The Hostage: How artist Sal Abbinanti melds Brazilian culture with mysticism in new Kickstarter project


A new Kickstarter campaign for writer/illustrator Sal Abbinanti's startling graphic novel, The Hostage, has just launched and it's steeped in the intriguing culture and vibrant colors of Brazil — and SYFY WIRE has an exclusive preview to share alongside comments on the artistic process from its visionary creator. 

The Hostage presents the heartbreaking tale of a group of street kids abandoned by society. Slowly dying due to neglect from poverty and gang violence, the kids unite to summon a mystical spirit who will hopefully protect them and avenge the deaths of their close friends.

Credit: Sal Abbinanti/Alex Ross Art

For over two decades, the Chicago-born artist has been dreaming of delivering a fantasy graphic novel influenced and inspired by a trip he made to Brazil when he was in his early adulthood. Now this passion project is coming to fruition in a deluxe crowdfunding endeavor presenting a 115-page, full-color graphic novel set in the shantytowns of Rio de Janeiro.

When Abbinanti was 25 he spent six months hanging out in Rio de Janeiro as a starry-eyed, college student who ventured south for a Brazilian holiday of samba, nightlife, and beaches. The extreme level of poverty, suffering, and death in Rio was something he never forgot and this project acts as a tribute to the country's interesting culture and the kids living in the ghettos.

Abbinanti is well known in the art world as an official representative for comic book legends Alex Ross and Bill Sienkiewicz, and also as the life-model for many masterworks by Ross, including his heroic portraits of Shazam. 

Included in the Kickstarter campaign are limited edition lithographs from Alex Ross, Bill Sienkiewicz, Jeffrey Alan Love, Sanjulián, Geof Darrow, and Eric Powell, as well as tiers with original sketch cards, postcards, and bookmarks by Abbinanti. It expects to ship sometime in June of 2021.

 

Credit: Sal Abbinanti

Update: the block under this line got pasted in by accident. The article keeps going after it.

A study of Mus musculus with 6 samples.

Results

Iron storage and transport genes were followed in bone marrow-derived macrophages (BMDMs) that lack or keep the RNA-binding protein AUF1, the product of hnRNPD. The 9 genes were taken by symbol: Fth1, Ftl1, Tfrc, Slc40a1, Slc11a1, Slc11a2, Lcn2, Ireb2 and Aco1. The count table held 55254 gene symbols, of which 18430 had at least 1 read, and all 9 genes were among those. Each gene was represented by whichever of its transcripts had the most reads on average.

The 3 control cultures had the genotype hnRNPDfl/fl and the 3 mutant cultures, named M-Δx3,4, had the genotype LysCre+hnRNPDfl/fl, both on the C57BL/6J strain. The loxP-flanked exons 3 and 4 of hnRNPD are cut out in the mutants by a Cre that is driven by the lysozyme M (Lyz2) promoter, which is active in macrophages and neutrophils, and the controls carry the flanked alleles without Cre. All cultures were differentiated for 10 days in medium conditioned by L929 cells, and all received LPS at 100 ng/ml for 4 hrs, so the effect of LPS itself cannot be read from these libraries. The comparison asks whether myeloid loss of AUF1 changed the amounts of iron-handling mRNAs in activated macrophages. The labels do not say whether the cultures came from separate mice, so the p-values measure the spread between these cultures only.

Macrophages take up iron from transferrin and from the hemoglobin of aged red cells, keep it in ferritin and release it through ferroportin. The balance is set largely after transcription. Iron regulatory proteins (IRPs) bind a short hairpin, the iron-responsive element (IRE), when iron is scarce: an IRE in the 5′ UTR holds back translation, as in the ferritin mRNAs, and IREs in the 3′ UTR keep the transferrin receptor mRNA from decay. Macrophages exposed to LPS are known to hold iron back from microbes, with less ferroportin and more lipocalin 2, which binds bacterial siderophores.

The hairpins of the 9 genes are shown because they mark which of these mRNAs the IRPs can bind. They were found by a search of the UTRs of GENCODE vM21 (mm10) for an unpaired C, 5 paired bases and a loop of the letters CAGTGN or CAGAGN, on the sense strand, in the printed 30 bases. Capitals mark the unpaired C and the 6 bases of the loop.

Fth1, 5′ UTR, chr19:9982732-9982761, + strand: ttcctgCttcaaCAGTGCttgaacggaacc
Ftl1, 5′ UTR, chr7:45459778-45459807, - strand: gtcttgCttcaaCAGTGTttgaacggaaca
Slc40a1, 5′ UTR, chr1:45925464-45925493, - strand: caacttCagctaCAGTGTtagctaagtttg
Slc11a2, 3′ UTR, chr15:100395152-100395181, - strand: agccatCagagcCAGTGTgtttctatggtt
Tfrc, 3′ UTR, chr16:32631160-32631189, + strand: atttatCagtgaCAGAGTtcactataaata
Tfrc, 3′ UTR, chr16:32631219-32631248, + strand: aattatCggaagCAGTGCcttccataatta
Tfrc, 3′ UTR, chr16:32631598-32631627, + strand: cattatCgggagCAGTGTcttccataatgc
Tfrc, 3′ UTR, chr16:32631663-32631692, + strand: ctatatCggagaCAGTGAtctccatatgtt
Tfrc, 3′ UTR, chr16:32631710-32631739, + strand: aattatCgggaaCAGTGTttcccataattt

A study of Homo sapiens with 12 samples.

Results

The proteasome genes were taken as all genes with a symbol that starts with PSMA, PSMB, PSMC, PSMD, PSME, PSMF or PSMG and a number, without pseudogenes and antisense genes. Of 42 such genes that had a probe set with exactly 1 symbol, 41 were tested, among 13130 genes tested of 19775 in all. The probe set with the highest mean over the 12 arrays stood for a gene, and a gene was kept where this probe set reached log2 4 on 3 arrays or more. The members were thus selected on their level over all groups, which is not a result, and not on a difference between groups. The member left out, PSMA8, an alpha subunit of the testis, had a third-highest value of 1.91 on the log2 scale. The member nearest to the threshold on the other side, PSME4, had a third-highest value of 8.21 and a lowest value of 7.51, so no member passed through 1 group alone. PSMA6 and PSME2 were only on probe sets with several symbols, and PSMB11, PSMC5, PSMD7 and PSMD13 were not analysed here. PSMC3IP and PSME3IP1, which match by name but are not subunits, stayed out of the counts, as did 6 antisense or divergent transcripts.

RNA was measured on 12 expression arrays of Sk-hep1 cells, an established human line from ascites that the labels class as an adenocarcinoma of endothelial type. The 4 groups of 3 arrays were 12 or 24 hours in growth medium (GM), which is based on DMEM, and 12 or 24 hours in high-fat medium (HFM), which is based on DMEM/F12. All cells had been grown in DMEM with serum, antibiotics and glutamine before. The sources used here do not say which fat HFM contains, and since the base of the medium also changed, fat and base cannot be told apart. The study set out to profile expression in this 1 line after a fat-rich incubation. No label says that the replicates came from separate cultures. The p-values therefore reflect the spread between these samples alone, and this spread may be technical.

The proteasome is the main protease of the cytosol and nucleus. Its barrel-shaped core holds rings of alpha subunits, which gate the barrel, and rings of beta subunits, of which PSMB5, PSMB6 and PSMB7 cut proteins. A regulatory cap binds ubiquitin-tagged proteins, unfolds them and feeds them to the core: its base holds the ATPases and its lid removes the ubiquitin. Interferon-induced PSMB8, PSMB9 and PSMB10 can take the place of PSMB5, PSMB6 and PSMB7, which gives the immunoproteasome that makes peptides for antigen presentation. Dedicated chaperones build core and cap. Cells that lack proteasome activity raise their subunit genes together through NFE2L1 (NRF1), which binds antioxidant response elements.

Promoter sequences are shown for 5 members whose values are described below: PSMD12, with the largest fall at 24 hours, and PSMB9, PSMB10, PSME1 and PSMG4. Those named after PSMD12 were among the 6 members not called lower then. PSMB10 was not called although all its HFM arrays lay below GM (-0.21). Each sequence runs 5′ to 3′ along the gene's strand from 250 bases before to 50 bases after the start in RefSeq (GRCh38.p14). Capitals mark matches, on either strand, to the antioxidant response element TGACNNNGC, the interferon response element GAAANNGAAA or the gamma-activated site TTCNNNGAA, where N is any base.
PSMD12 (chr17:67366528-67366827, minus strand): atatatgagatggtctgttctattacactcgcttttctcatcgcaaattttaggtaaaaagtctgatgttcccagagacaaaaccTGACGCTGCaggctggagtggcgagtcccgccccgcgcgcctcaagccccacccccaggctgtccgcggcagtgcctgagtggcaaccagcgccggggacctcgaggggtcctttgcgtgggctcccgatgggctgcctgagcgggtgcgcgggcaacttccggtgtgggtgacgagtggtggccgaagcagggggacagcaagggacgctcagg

"It’s an enormous sense of accomplishment to have The Hostage finished and about to be in tangible printed form," Abbinanti tells SYFY WIRE. "The project has lived in my head for such a long time, so to have it come together and be able to reach people through my art is extremely exciting."

The delirious artwork showcased in The Hostage immediately makes it one of the more provocative enterprises of the year, and here Abbinanti takes us through his studio techniques for one of the book's key page spreads.

Credit: Sal Abbinanti

"I have an old drafting table that was gifted to me by my late Mother-in-law Emiko," he tells SYFY WIRE. "It is big and bulky, old school and wonderfully inspiring to work from. I start with small thumb nail drawings, I have some great old paper that I bought in Lucca, Italy that is off white, old school and very inspiring to work with. I don’t use computers or Wacom tablets. I like standard Strathmore 3 ply cold press board that has teeth to it. I rule and cut out my boards myself."

Credit: Sal Abbinanti

"The layouts I constructed for this book are not traditional in the comics sense," he explains. "I’ve been an admirer of folks who push boundaries with their art and I continue to challenge myself and try things every time I create. The key for me is to not be afraid of trying anything. Bill Sienkiewicz gave me some art advice once and I never forgot it “Always try and surprise yourself.”"

Credit: Sal Abbinanti

"Then comes the shading and the color. Markers can be an effective way to bring a kinetic energy with broad strokes and lines," Abbinanti adds. "Watercolor paints are also a great medium that lends itself to improvisation in art. I like to push the water around and lift things up a bit when you want to create subtle backgrounds and blends. 

"I put pencil to paper right away once I know what I’m after and then lay some watercolor right on top of the graphite to get some textures. Place some water on that then lay some watercolor paint on that. Let it dry or rush it along a bit with a hair dryer then use some big pens and markers atop that. Go in with some white out pens and spatter it a bit with a toothbrush. A double page spread is mostly about the layout and vibe of what you’re after." 

Credit: Sal Abbinanti

Abbinanti's crowdfunding campaign is currently active and concludes on February 25, with various pledge tiers ranging from a digital edition available in both English and Portuguese, to The Complete Hostage Package, packed with an 11x17 original drawing by Abbinanti and a complete collection of lithographs by all guest artists.

Now enjoy our seven-page peek at Sal Abbinanti's The Hostage in the gallery below.